If you don’t already know the plot of “Jekyll & Hyde,” you probably know the plot of something that alludes to it. A work of horror fiction that is as pervasive in Western culture as Frankenstein and Dracula, “Jekyll & Hyde” is about a doctor, Henry Jekyll, who regularly takes a potion to transform into a villainous alter ego, Edward Hyde, so that he may indulge his vices without risk of being arrested. However, as time passes, the transformation becomes involuntary, with Hyde taking over even when Jekyll does not ingest the serum.
The musical adaptation, which opened on Broadway in 1997, changes Jekyll’s motivations significantly. In this adaptation, Hyde is a kind, charitable man who wants to work to separate the “evil” parts of humans from the “good,” so that the “evil” parts can be done away with. When he is forbidden from experimenting with a formula that he believes will successfully divide these two halves, he decides to experiment on himself, thus creating Hyde.
The gothic style of the original source material, plus the added sentimentality of the musical (they throw in a few romantic interests for good measure) makes for quite the melodramatic show — every song is either a ballad, or in a minor key, but most are both. It’s also quite heavy-handed with its messaging; there are three whole songs called “Façade,” for example, in case you were confused about the show’s central theme.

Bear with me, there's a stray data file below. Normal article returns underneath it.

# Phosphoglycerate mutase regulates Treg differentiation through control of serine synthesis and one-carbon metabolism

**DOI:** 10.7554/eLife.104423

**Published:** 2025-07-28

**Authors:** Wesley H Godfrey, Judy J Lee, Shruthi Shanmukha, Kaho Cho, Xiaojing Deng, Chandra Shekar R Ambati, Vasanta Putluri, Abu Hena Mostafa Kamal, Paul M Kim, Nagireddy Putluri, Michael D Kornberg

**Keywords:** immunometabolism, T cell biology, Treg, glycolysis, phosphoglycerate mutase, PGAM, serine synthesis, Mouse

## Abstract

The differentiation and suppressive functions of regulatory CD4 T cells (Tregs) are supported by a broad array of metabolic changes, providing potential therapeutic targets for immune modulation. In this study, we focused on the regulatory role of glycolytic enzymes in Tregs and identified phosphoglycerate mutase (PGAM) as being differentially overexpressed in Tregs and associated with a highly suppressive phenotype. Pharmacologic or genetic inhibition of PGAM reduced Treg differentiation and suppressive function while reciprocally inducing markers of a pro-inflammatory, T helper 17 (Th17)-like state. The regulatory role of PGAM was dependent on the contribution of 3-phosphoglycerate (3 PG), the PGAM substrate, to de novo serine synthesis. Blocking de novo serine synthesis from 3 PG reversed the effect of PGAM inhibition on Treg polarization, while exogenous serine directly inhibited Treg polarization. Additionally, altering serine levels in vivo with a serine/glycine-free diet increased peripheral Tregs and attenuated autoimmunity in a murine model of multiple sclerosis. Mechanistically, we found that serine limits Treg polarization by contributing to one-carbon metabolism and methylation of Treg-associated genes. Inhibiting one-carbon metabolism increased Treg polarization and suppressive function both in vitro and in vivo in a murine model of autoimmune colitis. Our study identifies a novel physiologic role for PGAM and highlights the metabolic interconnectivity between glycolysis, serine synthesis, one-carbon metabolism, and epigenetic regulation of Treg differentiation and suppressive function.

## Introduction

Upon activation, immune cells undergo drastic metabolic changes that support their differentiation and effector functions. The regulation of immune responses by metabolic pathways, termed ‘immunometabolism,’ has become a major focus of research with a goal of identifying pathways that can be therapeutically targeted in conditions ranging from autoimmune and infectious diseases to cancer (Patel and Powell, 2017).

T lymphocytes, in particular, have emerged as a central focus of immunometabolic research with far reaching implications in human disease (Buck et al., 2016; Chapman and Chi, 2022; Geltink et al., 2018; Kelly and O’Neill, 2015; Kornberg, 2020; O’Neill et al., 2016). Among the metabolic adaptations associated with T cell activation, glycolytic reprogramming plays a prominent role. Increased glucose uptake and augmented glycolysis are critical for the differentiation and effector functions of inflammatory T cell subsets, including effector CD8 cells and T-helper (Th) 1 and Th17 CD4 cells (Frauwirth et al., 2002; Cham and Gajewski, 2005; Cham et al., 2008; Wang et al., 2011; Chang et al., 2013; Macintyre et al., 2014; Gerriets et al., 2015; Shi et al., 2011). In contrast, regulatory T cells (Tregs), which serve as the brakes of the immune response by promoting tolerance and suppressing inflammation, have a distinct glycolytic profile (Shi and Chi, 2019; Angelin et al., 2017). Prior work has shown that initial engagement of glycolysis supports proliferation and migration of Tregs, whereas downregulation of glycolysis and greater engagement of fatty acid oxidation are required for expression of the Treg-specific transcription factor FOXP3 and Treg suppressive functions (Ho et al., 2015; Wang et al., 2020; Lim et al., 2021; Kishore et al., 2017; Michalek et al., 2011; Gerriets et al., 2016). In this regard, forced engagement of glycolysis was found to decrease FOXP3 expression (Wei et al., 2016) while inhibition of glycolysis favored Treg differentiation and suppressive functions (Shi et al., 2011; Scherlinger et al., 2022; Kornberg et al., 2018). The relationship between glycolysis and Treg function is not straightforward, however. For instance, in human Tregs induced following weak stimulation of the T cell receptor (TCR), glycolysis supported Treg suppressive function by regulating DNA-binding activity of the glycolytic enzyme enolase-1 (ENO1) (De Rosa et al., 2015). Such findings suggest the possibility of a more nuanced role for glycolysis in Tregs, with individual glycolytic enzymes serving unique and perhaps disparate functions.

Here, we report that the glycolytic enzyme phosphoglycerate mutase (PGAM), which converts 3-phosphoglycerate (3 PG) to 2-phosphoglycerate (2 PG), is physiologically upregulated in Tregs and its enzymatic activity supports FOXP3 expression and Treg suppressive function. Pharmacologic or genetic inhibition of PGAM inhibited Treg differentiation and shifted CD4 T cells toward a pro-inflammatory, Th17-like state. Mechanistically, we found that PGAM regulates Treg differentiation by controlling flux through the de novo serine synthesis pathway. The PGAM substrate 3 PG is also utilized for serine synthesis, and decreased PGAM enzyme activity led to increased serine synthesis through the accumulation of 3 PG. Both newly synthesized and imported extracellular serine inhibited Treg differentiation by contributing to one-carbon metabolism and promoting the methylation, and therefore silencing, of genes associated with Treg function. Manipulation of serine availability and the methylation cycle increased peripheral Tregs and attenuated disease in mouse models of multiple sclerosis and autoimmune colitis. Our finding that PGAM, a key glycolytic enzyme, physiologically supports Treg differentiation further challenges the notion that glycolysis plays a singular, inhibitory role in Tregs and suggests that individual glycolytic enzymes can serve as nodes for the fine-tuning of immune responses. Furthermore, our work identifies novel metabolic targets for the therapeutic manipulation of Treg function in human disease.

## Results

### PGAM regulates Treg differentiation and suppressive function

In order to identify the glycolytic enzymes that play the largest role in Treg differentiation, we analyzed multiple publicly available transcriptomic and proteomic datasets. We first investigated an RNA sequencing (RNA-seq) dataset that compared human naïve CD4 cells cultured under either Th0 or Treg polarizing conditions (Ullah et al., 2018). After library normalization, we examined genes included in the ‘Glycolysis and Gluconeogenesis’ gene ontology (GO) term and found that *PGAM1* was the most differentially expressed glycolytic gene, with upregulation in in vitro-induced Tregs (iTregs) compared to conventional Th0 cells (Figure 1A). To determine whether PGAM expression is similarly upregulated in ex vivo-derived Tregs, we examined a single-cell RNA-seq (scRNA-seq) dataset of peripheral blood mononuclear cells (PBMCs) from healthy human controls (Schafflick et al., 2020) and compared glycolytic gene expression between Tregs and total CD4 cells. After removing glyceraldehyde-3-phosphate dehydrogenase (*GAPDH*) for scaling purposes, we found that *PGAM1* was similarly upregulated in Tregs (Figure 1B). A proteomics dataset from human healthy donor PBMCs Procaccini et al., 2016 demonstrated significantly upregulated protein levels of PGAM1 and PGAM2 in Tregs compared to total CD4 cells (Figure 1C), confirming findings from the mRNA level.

However, Wolf Pack did what they could with what I found to be a rather tiresome script. The show is carried largely by the actor who plays both Jekyll and Hyde — in this case, Christopher Overly, whose voice had a nice quality that was very well suited to this show’s swelling, orchestral score. Alexa Haines, who played his fiancée, Emma, also had a beautiful voice.
Lexi Haddad rounded out the show’s pseudo-love triangle as Lucy Harris, a prostitute who attracts the attention of Hyde after originally meeting Jekyll. Though the character’s role in the plot is mostly to exemplify Hyde’s cruelty, Haddad brings a complexity to the character as she struggles to understand the kindness Hyde shows her in the song “Sympathy, Tenderness.” Of course, her vocals are also stunning; her impressive range and clear tone were shown off in “Someone Like You,” one of the show’s most recognizable songs.
…the ensemble was one of the show’s greatest assets; the company numbers all sound and looked excellent.
Other standouts include Kenneth Lautz as Simon Stride, a man who has unrequited feelings for Emma. Lautz had a beautiful voice that was criminally under-utilized throughout the show. Similarly, Farah Kidwai and Alex Sands were both relegated to tertiary characters despite performing some of the show’s most breathtaking solo moments. Overall, the ensemble was one of the show’s greatest assets; the company numbers all sound and looked excellent.
Credit must also be given to the technical team — without any physical distinctions between Jekyll and Hyde, aside from some changes in posture, it was lighting design by Technical Director Stephen Beizell that distinguished between the two. And the gorgeous 19th-century garb designed by Rebecca Overly made the entire experience more immersive.
Though the show has its flaws, standout cast members and a memorable score make it worth the watch.
Running Time: Two and a half hours.
Advisory: Contains adult language, sexual themes, and depictions of violence.
“Jekyll & Hyde” plays October 5, 11, and 12 at 8pm and October 6 and 13 at 2pm at the Greenbelt Arts Center, 123 Centerway, Greenbelt, MD. For tickets and information, click here.